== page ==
So, a month ago I was late for my first ever exam, the one I had set for my masters course.
As the course convenor I was obliged to be there at the start of the paper to make sure no students had problems along the lines of: “My exam paper appears to be missing/written in Chinese/the paper for another course/on fire, etc”. I also had to flip through the materials my students were allowed to bring in and check they hadn’t smuggled any forbidden knowledge in through notes in the margin.
It should be a reasonably easy thing to turn up to your own exam on time. Except, of course, the law school does not have its own exam hall and the central exam timetablers can send you pretty much anywhere. We also have a pretty spread out “campus”, which includes many anonymous-looking or poorly signposted buildings that could easily be just another office block.
Leaving - I thought - plenty of time, I set off in search of my exam. Despite the heat of the day (a rare full sun and 25 degrees centigrade in humid London), I’d worn a suit and tie. I think my idea was that students shouldn’t see me looking too relaxed while they had to face a masters’ exam. Whatever I had in mind, it didn’t work out well.
The street my exam was on was easy enough to find. No problem there. But as I wandered around the top of it, I noticed few building had numbers on display, and none of those numbers was high enough. I began to get edgy. I still had a few minutes up my sleeve, but not really enough to go back to my office, check details, and set out again.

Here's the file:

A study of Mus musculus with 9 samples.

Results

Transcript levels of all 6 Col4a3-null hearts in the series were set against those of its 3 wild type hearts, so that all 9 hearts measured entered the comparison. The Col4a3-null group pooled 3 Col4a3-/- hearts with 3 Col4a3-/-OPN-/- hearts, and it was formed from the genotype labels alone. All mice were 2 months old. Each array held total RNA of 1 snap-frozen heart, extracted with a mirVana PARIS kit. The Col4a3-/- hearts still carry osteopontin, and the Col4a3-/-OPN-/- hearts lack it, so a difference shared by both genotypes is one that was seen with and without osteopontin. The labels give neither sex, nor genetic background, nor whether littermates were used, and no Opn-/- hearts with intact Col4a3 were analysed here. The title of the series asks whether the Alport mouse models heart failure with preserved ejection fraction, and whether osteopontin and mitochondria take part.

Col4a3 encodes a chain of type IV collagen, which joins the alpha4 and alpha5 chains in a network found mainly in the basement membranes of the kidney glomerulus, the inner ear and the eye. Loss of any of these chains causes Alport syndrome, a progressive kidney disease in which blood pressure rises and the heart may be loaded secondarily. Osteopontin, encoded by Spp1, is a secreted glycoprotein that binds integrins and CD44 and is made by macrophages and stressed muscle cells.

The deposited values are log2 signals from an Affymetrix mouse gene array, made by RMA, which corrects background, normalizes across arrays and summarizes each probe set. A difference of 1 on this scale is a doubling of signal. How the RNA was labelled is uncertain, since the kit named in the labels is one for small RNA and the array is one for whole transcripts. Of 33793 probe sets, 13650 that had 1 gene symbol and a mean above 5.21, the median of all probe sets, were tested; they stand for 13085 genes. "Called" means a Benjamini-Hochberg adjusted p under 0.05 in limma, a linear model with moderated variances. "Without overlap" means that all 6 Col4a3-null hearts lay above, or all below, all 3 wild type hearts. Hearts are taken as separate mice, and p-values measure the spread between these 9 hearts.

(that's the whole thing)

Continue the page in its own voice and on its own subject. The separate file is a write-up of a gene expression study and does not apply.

I crossed a major road. The other side was a new street. I had a missing building on my hands.
Beginning to breath faster and perspire slightly, I pulled out my mobile to call my secretary. I say “my”, but she works for eight other people as well – mostly more senior than me. She has been around for a while though, and is a gold mine of practical information. Calling her would have certainly answered my problems.
If I’d had her number.
At this point, I did what any calm, collected young academic in a suit and hard-soled shoes would do in a crisis. I ran.
Three or four blocks later, dripping on the front desk at the graduate office, I panted out my problem and they pulled out the map of exam locations. I mentioned the street name.
“You do know that on that street the numbers run up one side to the main cross-road and then back down the other?”
Well, I did now. I’d showed up at the wrong end of the street. Good thing it was only another three or four blocks to run back.
I’ll say one thing about exam panic. At least it prevents LLM students noticing that their examiner, who’s seven minutes late, has just dried his shirt out by standing in front of the hand-drier in the men’s room.